Fall 2017 Healthcare Update: If at First You Don't Succeed, Try, Try Again
As insurers face a late September deadline to commit to the 2018 health insurance marketplace, renewed healthcare reform efforts are being proposed in Washington. Most notably, Republican leaders in the Senate are making a last ditch effort to pass a bill to repeal and replace the Affordable Care Act (ACA). They have reintroduced an amended version of the “American Health Care Act,” a bill that failed to pass in the Senate this July.
The core foundation of this version of the plan, sponsored by Lindsey Graham (R-SC), Bill Cassidy (R-LA), and Dean Heller (R-NV), is converting Medicaid funding to a block grant system. A fixed amount of money would be allocated to each state to spend on their own healthcare programs, while providing significant discretion over the use of the funds. Additionally, the bill would end the expansion of eligibility under the Affordable Care Act, which has provided Medicaid coverage to 13 million people. The bill would also repeal the ACA’s individual mandate, allow insurers to charge people with preexisting conditions more, and make significant cuts in Medicaid, while leaving in place many of the ACA’s taxes.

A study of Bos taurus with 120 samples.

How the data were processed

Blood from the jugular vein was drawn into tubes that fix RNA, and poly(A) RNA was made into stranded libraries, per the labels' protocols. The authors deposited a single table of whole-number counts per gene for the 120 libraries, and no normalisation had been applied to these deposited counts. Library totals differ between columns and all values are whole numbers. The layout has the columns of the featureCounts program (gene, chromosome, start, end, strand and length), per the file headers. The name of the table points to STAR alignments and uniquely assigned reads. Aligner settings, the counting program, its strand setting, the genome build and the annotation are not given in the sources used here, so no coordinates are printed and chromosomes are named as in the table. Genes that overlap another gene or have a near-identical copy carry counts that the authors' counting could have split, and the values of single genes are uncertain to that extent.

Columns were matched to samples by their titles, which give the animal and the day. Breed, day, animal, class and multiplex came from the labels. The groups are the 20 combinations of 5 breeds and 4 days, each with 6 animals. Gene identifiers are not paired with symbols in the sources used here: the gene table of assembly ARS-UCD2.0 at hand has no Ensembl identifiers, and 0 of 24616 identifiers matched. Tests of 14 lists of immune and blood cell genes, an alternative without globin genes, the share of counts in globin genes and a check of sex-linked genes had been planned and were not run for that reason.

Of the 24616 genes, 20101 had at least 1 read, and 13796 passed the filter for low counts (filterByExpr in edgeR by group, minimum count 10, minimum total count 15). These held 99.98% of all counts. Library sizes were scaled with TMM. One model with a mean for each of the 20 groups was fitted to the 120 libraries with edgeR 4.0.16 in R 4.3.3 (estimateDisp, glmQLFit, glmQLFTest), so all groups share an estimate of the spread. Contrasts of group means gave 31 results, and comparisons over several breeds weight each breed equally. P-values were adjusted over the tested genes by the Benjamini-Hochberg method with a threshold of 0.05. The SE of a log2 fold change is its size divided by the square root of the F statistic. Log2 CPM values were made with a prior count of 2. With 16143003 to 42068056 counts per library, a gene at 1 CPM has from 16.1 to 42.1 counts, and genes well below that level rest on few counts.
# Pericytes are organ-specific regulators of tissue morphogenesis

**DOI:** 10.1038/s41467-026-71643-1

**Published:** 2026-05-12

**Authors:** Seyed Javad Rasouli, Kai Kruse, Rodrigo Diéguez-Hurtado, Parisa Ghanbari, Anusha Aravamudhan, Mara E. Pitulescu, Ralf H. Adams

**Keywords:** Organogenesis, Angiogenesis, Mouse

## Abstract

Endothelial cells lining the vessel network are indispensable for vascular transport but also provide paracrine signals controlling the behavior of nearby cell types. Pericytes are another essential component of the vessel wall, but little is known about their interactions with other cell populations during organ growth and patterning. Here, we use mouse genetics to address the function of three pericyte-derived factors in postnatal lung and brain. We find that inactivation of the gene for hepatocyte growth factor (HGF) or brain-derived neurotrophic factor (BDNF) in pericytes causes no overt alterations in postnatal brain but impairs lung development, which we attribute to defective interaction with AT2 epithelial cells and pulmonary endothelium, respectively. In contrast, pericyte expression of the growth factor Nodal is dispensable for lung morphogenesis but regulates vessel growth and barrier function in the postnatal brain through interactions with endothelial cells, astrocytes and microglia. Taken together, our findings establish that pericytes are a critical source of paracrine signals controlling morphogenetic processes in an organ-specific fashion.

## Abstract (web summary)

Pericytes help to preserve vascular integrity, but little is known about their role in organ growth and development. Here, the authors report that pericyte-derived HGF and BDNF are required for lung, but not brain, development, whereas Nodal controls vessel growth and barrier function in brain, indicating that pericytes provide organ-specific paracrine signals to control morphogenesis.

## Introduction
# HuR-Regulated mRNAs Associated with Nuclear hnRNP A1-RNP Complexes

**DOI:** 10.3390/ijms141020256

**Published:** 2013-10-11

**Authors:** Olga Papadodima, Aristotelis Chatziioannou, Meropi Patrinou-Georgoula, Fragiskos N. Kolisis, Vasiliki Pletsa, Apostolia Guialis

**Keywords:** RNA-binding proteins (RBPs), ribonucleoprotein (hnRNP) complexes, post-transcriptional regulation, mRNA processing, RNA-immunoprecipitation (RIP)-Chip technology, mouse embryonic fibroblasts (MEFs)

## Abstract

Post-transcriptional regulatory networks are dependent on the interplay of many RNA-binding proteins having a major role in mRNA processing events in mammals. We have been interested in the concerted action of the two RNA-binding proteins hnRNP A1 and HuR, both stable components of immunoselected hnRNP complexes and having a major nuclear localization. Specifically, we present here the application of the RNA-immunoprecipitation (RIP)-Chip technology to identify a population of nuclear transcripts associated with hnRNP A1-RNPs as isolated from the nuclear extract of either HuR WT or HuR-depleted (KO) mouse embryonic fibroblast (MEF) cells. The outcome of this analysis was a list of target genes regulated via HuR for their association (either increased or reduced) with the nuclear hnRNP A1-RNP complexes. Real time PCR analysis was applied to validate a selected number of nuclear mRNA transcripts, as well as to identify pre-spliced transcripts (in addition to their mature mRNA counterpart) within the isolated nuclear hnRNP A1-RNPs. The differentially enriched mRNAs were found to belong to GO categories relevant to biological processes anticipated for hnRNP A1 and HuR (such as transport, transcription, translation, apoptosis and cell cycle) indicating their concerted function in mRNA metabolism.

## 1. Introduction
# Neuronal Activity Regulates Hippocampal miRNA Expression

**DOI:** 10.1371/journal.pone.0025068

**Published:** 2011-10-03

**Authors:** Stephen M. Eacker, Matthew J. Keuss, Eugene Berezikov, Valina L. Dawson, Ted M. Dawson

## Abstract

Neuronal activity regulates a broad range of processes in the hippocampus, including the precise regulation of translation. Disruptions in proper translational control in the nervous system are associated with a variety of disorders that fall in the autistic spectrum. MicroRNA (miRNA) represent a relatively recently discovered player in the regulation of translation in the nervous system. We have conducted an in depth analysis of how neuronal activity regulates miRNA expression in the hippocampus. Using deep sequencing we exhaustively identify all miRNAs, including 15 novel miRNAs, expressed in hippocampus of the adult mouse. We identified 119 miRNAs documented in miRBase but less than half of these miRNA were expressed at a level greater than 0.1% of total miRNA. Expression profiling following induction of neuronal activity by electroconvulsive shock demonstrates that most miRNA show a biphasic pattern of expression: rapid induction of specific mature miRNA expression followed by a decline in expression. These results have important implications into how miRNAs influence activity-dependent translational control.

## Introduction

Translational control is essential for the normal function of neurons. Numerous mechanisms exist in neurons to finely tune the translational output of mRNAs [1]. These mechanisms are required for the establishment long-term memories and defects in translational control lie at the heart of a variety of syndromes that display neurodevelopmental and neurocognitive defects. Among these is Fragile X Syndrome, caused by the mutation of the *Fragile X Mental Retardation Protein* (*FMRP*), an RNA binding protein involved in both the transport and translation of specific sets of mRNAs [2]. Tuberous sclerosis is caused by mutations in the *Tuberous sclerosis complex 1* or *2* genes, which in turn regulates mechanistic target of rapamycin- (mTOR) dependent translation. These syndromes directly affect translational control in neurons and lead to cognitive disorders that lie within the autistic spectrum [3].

Health insurers and trade groups have reacted strongly against the bill, including the Blue Cross Blue Shield Association and America’s Health Insurance Plans. Other industry and trade groups opposing the bill include the American Medical Association, the American Hospital Association, and the AARP.
This latest effort faces an end of September deadline to take advantage of the special budget procedure allowing the legislation to pass in the Senate with a simple majority, rather than the 60 votes required for most major legislation. While earlier bills proposed this summer failed to pass, it remains unclear whether the Graham-Cassidy bill can attain the votes required for Senate approval in the remaining days of September. What is clear is that the Republican leadership plans to give this one more shot this month.
Given the quick timeframe, the Congressional Budget Office (CBO) has stated that it will be unable to provide a complete assessment of the bill for "at least several weeks." However, they hope to at least provide a "preliminary assessment" next week. The CBO has indicated that this assessment will not address what effects the bill would have on the number of persons covered, premiums, or the deficit.
This bill joins a host of other bills and proposals from across the political spectrum that have been offered in recent weeks, including 1) a forthcoming bipartisan Healthcare “Stabilization” Senate bill; 2) a proposal by the bipartisan Problem Solvers Caucus of the House Representatives; 3) a Medicare-For-All, single payer system; and 4) a proposal to create a Medicare Buy-in plan and stabilize the ACA.